May 6th, 2010
Jose Feliciano became a national headline after Ernie Harwell invited him to perform the national anthem at Tiger Stadium during the 1968 World Series. Paul Carey became Harwell’s partner in the broadcast booth for nearly two decades, their two voices forever linked.
Both remained near and dear to Harwell for the rest of his life. Both will be on hand at Comerica Park to celebrate his life Monday night.
Tigers officials confirmed that both will be part of their tribute to Harwell, the Hall of Fame broadcaster who passed away Tuesday at age 92. The presentation will take place prior to the 7:05 p.m. ET game against the Yankees.
In honor of Harwell, Feliciano will return to Detroit to perform the anthem. It was his slower, nontraditional interpretation of the Star Spangled Banner before Game 5 of the Fall Classic that generated controversy among veterans who called in to complain. It marked one of the first times that someone performed a different interpretation of the anthem at a sporting event.
Harwell was in charge of choosing performers for that series, and he later said he liked it. He was proven right, as Feliciano’s version of the anthem actually hit the Billboard singles charts once Feliciano released it. The two remained friends for the next four decades, and Harwell defended the performance for the rest of his life.
The 82-year-old Carey will return to the Tigers to take the mound for the ceremonial first pitch. Born in Mt. Plesant, Mich., Carey joined Harwell to share play-by-play duties on Tigers radio broadcasts in 1973. The two remained broadcast parnters until after the 1991 season.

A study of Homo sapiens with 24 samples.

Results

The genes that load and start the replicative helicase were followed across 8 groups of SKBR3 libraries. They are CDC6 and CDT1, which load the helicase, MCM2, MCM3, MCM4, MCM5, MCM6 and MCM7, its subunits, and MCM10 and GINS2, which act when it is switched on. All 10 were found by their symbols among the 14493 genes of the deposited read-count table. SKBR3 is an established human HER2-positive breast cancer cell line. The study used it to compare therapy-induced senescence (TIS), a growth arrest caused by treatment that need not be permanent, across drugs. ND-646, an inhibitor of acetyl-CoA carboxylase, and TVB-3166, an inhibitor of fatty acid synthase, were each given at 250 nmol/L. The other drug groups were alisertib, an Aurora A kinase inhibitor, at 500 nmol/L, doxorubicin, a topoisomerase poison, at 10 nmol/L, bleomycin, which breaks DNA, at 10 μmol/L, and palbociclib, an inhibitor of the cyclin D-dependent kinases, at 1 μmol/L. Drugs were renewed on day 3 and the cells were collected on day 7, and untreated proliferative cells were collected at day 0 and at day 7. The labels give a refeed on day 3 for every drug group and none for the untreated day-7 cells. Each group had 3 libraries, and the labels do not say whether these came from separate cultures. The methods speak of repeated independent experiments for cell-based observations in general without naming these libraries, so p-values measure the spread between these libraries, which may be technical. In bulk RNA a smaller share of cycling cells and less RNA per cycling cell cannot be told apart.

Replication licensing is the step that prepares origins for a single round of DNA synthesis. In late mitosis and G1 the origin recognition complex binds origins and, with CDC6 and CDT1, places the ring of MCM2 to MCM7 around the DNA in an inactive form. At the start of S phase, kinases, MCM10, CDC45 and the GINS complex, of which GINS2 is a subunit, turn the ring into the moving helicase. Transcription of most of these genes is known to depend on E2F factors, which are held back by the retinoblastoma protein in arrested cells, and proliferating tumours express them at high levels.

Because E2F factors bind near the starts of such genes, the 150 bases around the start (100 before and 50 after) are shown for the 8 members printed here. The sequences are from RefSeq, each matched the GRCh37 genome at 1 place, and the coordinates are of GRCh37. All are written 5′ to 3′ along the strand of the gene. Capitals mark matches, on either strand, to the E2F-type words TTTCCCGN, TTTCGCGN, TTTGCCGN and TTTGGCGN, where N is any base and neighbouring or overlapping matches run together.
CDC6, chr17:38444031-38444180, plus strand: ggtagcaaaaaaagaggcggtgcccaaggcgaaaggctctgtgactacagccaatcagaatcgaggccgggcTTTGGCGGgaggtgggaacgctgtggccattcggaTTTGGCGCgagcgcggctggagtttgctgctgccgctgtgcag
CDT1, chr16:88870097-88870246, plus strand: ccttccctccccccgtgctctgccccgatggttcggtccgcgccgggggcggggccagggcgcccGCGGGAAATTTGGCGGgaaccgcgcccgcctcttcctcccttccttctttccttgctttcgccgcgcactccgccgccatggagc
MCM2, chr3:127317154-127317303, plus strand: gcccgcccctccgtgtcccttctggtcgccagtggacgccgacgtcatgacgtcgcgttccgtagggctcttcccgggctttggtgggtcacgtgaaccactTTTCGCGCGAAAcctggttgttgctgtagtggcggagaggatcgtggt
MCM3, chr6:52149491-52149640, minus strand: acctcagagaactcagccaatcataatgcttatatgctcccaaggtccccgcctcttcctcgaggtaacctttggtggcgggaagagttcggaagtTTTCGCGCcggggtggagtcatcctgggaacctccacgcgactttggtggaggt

Aside from the guest appearances, the Tigers plan to have a touching ceremony to honor their broadcaster of 42 seasons in what will undoubtedly be an emotional night. The patches with Harwell’s initials that adorned the Tigers’ road jerseys Wednesday will be on the home uniforms for the rest of the season. Much like George Kell last year, a flag bearing his initials will be raised in left-center field by former Tigers greats.
A video tribute will honor Harwell’s life and career, including his speech to fans last September. Fans in attendance Monday will receive a keepsake commemorating the evening.
There might be few names tied closer to Ernie Harwell in his broadcasting career than Mike Ilitch, who made Harwell’s return to the booth one of his first acts when he bought the team. Harwell never forgot that.
“We had a wonderful relationship,” Ilitch said Thursday. “When I brought him back, he was so grateful, and he called me often. And almost every time we would sit down for dinner or a lot of the phone calls, he’d keep repeating, ‘Thanks for bringing me back. He was so grateful.”
Ilitch, in turn, never forgot what Harwell to the team, to the city, to the game. When Harwell had dinner with Ilitch last fall and brought up the idea of a public viewing at the ballpark, he didn’t have to ask twice.
“We went to dinner with his agent,” Ilitch recalled, “and he asked me, ‘I want to ask a favor of you.’ I said, ‘What’s that, Ernie?’ He said, ‘I’d like to be laid out at Comerica Park.’ I said, ‘Well, that would be great. The fans would love that.’ He asked once. I answered once.”
Ilitch paid a visit to the viewing around midday and took over thanking people in line himself, giving team president/general manager Dave Dombrowski and other top club officials a break for a little while.
“They’ve been telling me what a great man he is,” Ilitch said, “how much they’re going to miss him, thank you for having this, thank you. They’re very appreciative. There’s such a mix of our fans.”
Ilitch has done some interviews on Harwell since his passing Tuesday, but has tried to keep them limited.
“If you talk too much about it, you get carried away. It’s very emotional,” he said. “I did some radio interviews today. I wrote down a lot of things I figured that were characteristic of him, and then I had the response from the announcers. And then all of us came to once conclusion: There were so many nice things about him, we couldn’t figure out what was the key to him, what really made this guy.
“I think the best answer I got was he started in radio, and they got used to that voice and they loved that voice and he was all business and he never missed one pitch. He was very, very serious about not missing one pitch.”